Frank

Frank is an unsettling little movie. It’s a little depressing, very quirky, and nothing ever feels quite right about it. As soon as its titular — but not leading — character shows up, you know something’s off. It takes a while to figure out exactly what, and when you do you’re not going to feel happy afterward. With that said, Frank is a very good movie, and if it sounds like something that will interest you, it’s worth checking out.

Our lead is Jon (Domhnall Gleeson), a wannabe musician who, after being in the right place at the right time is offered a chance to join an indie band, Soronprfbs, on-stage for a live performances. After the performance, he’s offered a full-time gig, as the member of the band he’s replacing kind of went off the deep end. Almost literally, in fact; he tried to drown himself in the ocean. The band heads to the country to record an album, and this is where the majority of the film takes place. Oh, and I should mention that the band’s leader and lead singer, Frank (Michael Fassbender), wears a Frank Sidebottom-esque papier-mâché head at all times.

You can tell as soon as Frank shows up that the film is a little bit weird. The band’s sound is anything but conventional, each of the other actors in the band — Scoot McNairy, Maggie Gyllenhaal, François Civil, and Carla Azar — tend to lean toward the “crazy” side of the scale, and there’s an undercurrent of melancholia present throughout. By the time we get to the film’s conclusion, reveals are made that make sense but don’t help the feeling of unease you’re going to feel.

Yeah, Frank isn’t really about this band and it recording an album. It’s about a group of less-than-stable individuals coming together and finding solace in one another. And that’s … not the easiest thing to watch. It just isn’t. There’s not a great deal of fun to be had, moods can swing at a moment’s notice, character motivations often don’t make a whole lot of sense, and tensions can rise and fall at the drop of a hat. One scene has a couple of characters fighting, and then the next second, they’re relaxing together in a hot tub.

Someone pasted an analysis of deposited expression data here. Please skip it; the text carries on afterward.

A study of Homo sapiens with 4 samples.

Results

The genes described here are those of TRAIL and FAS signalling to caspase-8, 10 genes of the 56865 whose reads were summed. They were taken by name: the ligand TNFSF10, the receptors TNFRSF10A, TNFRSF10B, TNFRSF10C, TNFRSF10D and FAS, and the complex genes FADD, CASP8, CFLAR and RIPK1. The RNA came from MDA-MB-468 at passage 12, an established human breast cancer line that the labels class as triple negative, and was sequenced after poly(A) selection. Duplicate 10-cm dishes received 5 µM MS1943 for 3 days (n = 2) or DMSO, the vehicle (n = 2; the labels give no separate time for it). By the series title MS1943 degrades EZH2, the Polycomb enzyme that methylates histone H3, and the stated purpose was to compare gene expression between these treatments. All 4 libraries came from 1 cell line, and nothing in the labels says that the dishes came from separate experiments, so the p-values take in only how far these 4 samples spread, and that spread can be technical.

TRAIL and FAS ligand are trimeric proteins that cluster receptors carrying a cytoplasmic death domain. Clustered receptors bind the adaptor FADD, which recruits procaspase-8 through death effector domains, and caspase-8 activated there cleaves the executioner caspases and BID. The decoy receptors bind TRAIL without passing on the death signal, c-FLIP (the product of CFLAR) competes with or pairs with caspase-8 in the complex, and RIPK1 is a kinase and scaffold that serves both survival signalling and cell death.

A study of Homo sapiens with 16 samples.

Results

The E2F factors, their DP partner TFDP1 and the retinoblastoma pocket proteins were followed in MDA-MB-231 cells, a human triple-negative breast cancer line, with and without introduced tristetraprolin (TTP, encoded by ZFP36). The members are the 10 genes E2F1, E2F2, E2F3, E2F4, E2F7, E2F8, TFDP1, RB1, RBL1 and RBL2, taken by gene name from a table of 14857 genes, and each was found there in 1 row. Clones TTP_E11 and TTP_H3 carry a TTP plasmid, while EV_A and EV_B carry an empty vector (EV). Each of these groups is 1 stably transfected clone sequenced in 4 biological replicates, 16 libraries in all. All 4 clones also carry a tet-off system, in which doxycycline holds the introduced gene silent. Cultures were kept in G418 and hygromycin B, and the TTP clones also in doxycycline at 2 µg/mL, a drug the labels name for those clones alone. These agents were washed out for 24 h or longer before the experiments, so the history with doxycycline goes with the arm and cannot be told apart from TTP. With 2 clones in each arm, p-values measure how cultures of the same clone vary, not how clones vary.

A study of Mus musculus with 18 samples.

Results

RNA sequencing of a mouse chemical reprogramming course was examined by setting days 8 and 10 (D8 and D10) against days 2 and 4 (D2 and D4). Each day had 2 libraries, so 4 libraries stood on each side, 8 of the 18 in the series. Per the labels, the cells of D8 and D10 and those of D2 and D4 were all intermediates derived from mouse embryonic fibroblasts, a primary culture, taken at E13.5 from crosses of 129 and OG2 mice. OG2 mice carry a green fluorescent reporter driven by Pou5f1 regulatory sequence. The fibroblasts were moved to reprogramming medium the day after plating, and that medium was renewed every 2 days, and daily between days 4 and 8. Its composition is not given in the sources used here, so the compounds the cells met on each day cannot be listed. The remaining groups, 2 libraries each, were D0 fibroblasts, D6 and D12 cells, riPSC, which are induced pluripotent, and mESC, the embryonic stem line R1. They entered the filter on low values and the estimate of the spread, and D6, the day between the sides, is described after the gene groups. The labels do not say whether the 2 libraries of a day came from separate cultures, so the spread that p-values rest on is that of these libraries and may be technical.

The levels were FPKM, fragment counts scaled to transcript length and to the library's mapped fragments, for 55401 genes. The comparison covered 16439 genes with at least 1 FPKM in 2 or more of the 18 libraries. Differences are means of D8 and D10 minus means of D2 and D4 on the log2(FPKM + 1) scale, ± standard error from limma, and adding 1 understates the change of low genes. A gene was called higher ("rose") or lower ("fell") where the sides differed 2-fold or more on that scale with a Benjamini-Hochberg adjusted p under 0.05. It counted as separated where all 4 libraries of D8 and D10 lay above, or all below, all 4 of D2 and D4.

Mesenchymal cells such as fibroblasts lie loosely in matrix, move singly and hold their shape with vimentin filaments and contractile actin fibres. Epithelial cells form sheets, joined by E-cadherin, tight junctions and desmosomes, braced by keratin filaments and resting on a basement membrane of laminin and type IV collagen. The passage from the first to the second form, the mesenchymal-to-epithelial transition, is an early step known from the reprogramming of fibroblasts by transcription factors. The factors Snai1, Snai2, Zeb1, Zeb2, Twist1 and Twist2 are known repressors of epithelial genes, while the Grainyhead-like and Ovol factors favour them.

There are points when Frank is funny. Truthful, but also funny. Throughout the film, social media — YouTube and Twitter — is frequently mentioned or shown. Jon tweets about the band’s status and uploads videos showing some of the crazy things they do. That, in and of itself, is used humorously. When the band eventually heads to SXSW to perform a live show, it creates a few even funnier moments. And also some humbling ones.

The truth to the film helps it be relatable. The premise initially seems pretty silly, I think. How are you supposed to relate to eccentric characters, one of whom refuses to take off a giant papier-mâché head? But you can. There’s enough reality in the characters to keep them feel like, yes, there’s a chance they’re real. And when you have real characters in a movie you are allowed to be shown insight into how people work, act, function, and relate to one another. That’s where Frank shows its strength. It draws you in with quirkiness and leaves you thinking about life and the people around you.

I don’t know how many actors would volunteer to act with a papier-mâché head on, thus limiting their performance as the audience won’t be able to see their face, but Michael Fassbender does it here and does it well. You can’t see if it’s him under the mask at all times — and maybe it’s not — but the work he does just with his voice (and body language, if it is in fact him) is just fantastic. Maggie Gyllenhaal’s character is a little bit one-note, but once revealed why it makes her performance stand out. Domhnall Gleeson works as a dependable lead and a good point from which to view the insanity of Soronprfbs. And Frank.

Frank is not an easy watch. Its subjects are individuals who are not the most stable of people, and that means that you’re often in for dark or confusing times. But it’s a truthful film, especially once you get past its eccentric gimmick of having its biggest actor stuck inside of a papier-mâché head. This is a good movie, one that will make you laugh and then think about life and the people within it.